Letter to the Editor
Re: We all let her die (April 22, 2006)
I know too well the profound sadness following the death of a teenager or young adult and the failure of the primary health care system to detect early, prevent needless suffering and tragic outcomes. Our daughter, Shanna, was diagnosed with metastasized breast cancer following months of excessive bone pain, increased symptoms of illness and parental concern. Shanna was not diagnosed until the breast cancer had spread microscopically from her breast to her bones and then to her liver. She died less than four months later.
Despite decades of early detection messaging, none of the three primary care providers (including our family physician) or the bone specialist that assessed Shanna had cancer on their checklist. Diagnosed with a common, benign condition we were reassured that she would be fine. On her third visit to the family physician with increased symptoms she was told “if she returned she would be put on antidepressants.” Shanna was so frustrated at not feeling well, my concern was heightened and I requested further testing. At this point an abnormal liver function test alerted the family physician to something more serious.
The system failed Shanna from the initial onset of symptoms. The physicians looked for what was common in an otherwise healthy 23 years old. When her symptoms persisted, the “weird, bizarre and out of the ordinary” were not ruled out. Cancer was not on their radar. Too many teenagers and young adults with cancer face months of misdiagnosis and valuable time against an aggressive, insidious, often fatal disease is lost. The cancer is allowed to win.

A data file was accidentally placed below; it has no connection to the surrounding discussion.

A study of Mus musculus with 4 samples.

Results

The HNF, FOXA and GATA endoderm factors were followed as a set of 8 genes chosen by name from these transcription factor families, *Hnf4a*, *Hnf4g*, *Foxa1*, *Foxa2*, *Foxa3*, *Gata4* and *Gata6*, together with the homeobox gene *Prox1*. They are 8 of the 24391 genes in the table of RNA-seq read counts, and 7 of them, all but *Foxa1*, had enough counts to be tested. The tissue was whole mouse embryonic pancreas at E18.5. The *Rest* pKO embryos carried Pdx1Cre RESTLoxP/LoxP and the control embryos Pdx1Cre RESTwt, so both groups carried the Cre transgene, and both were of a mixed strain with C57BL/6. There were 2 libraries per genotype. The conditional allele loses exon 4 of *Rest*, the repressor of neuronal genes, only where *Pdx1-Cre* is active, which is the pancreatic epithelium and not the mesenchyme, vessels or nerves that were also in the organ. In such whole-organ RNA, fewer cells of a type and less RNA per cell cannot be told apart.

Other than having to live with the results of their decisions, there are no consequences for medical misdiagnoses. The system fails the physicians as well. Cancer treatment centres are not informing primary care providers of the teenagers and young adult patients coming through their doors. Family doctors need to be educated on how the cancer presents, what to look for and appropriate testing.
Shanna and others have lost their lives, their dreams and goals for the future. Their potential and that for society is also lost. Shanna was a skilled lifeguard, talented professional figure skating coach, artist and university graduate heading off to teacher’s college. She had a passion for life and working with young children. She is sadly missed. Family and friends are left to endure a relentless grief…a slow, sad journey of despair and loss.
The system we put our faith in and the medical professionals we trusted failed Shanna. Changes are necessary. Too many young lives are being lost. It is 25 years since Terry Fox tried to raise awareness that teenagers and young adults get cancer. Awareness is critical to alter outcomes. The time for change to our front line of early detection is long overdue.